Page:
Amid protests and opposition from various quarters, including some veterans and retired armed forces officers, on the recently launched Agnipath recruitment plan of the government, opinion has been sharply divided. While the Centre has called it a “radical recruitment plan” for the armed forces which is primarily aimed at cutting down salary and pension bills and freeing up funds for urgent procurement of weapons, critics have slammed the plan saying the duration of service is too short. There have been massive protests in Bihar opposing the scheme.
Under the scheme, about 45,000 people between the age of 17.5 years and 21 years will be inducted into the services for a four-year tenure. The recruitments will begin within the next 90 days and the first batch will be ready by July 2023.
While talking to NDTV, Air Marshal Sandeep Singh, who is currently serving as the Vice Chief of the Air Staff, said that while there were initial apprehensions, the issues have been resolved. “I can assure you that the skilling process or the training process for the Agniveers would be phased and progressive,” he said.
On the concerns that in the case of the Indian Air Force where very skilled tradespeople like mechanics and technicians — those who handle cutting edge state-of-the-art systems — are trained, can we then afford to lose them after just four years, Air Marshal Singh said they will give these recruits a shorter training, which will basically be a capsule on essential military training and then certain trade or branch-specific preliminary training.
“We’ll send them on the field to use them along with a mix of experienced regular people. Therefore, that detailed training for more complex systems aircraft, where they do deeper operational or maintenance activity, would be done only for those people who will join as regulars after four years of engagement as Agniveers. So, I don’t think there is a big issue with this,” he said.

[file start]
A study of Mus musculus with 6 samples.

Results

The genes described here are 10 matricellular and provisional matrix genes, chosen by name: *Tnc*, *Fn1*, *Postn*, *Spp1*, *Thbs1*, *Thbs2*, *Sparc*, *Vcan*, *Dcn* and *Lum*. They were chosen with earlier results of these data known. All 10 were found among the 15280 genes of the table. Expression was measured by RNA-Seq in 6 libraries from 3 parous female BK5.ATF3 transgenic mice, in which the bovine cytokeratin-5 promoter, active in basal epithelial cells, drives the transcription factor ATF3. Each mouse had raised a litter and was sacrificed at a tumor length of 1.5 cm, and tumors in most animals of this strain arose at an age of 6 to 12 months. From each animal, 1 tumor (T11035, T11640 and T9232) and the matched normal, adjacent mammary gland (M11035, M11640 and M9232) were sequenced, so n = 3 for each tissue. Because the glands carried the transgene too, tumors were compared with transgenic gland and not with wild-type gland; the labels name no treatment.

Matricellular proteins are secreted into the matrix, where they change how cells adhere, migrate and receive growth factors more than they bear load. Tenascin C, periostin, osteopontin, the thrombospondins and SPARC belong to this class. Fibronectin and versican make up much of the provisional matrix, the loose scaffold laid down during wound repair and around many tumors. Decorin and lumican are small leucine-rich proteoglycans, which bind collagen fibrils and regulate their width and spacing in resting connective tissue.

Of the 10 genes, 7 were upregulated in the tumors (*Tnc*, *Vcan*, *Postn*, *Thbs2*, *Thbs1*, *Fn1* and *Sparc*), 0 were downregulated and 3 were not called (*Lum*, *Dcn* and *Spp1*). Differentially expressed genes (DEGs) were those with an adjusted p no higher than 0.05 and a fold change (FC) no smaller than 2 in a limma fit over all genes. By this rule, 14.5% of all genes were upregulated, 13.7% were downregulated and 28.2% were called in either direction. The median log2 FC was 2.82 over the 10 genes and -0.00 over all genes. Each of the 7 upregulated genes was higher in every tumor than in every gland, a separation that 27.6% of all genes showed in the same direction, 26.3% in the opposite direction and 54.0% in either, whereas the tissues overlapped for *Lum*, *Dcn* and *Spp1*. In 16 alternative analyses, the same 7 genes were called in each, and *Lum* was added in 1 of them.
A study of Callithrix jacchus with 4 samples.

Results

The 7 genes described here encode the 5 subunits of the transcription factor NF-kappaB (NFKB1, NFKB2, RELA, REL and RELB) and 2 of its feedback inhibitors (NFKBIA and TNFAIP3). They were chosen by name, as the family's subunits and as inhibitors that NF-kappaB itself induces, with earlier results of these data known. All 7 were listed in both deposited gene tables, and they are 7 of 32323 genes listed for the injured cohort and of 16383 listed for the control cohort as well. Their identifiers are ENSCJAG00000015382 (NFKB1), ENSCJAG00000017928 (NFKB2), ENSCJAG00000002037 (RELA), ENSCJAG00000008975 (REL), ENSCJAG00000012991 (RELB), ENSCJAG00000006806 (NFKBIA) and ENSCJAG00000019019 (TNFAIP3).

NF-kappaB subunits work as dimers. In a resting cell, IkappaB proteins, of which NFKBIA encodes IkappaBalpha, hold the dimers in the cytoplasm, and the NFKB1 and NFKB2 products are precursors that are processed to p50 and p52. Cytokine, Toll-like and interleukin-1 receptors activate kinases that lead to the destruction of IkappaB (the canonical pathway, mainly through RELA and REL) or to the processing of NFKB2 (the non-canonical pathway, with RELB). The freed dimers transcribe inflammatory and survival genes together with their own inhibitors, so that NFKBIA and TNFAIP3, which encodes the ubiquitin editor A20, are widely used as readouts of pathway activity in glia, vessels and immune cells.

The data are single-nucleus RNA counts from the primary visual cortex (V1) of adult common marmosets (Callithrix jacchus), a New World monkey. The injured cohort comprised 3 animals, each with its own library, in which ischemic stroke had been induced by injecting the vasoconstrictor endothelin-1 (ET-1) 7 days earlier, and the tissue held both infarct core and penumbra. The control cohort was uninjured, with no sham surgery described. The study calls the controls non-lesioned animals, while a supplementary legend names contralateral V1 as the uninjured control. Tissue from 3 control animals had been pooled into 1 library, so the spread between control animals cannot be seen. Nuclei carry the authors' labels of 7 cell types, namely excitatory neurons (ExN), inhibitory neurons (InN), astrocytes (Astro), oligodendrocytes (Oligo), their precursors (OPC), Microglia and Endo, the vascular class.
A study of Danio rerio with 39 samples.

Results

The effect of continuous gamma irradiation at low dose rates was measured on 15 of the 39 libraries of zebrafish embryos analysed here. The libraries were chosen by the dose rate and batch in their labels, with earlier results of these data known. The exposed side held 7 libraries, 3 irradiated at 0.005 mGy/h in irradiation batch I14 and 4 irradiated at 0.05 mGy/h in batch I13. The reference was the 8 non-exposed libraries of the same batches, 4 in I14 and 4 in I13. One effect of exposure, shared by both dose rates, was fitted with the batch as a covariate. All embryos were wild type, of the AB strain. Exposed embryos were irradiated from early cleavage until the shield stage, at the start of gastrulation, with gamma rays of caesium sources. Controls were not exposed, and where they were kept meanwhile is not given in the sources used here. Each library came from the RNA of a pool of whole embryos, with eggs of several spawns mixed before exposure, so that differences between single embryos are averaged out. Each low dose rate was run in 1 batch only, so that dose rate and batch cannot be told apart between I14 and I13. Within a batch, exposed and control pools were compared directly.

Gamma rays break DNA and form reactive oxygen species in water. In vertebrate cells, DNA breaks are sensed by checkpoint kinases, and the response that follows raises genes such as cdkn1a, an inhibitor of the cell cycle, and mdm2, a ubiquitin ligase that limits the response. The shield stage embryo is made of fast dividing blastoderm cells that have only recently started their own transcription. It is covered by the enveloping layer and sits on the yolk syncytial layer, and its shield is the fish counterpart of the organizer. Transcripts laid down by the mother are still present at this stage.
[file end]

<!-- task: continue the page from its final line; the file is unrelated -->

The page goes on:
On the possibility of recruiting from technical institutes as the Air Force is a highly specialised technical wing, he said they are already in discussions with them. “It’s not only us who will tailor our training curriculum, but those institutes will also optimise their curriculum so that these potential Agniveers already come with pre-acquired skills which we want. This will be done pan India so that we get people from all over,” he said.
He stressed that the quality of new recruits won’t suffer just because of the four-year duration of service.
The scheme essentially means that those joining the armed forces in the rank of a Javan or equivalent in the Air Force and the Navy will serve for a period of four years. After that, they will leave the armed forces. They’ll be given a one-off sum of about approximately 11 lakh rupees and after that, they are free to join the civilian sector. The bottom line is that if this does work, the government would end up saving a great deal of money, which could perhaps be used for capital expenses. In other words, the procurement of new weaponry, because India’s budget for procuring new weapons has languished now for several years, but the plan itself has come under a great deal of criticism.
Air Marshal Singh said that women will be inducted “gradually in a phased form in different branches”.
On why youngsters would opt for the four-year service over joining the Central Armed Police Forces or the paramilitary where they can have full careers with a pension, he said that a salary or pension is not the only criteria for the youth to join Agnipath.
“I think that enough survey has been done that there are many people who would find this limited four years engagement more attractive because they will go back with skillsets with the services. And that’s unique. Along with traits of leadership, camaraderie, and teamwork they get when they go back, along with certain certificates which we give them, they will be job-ready. So I think, it would meet the best of both requirements,” he said.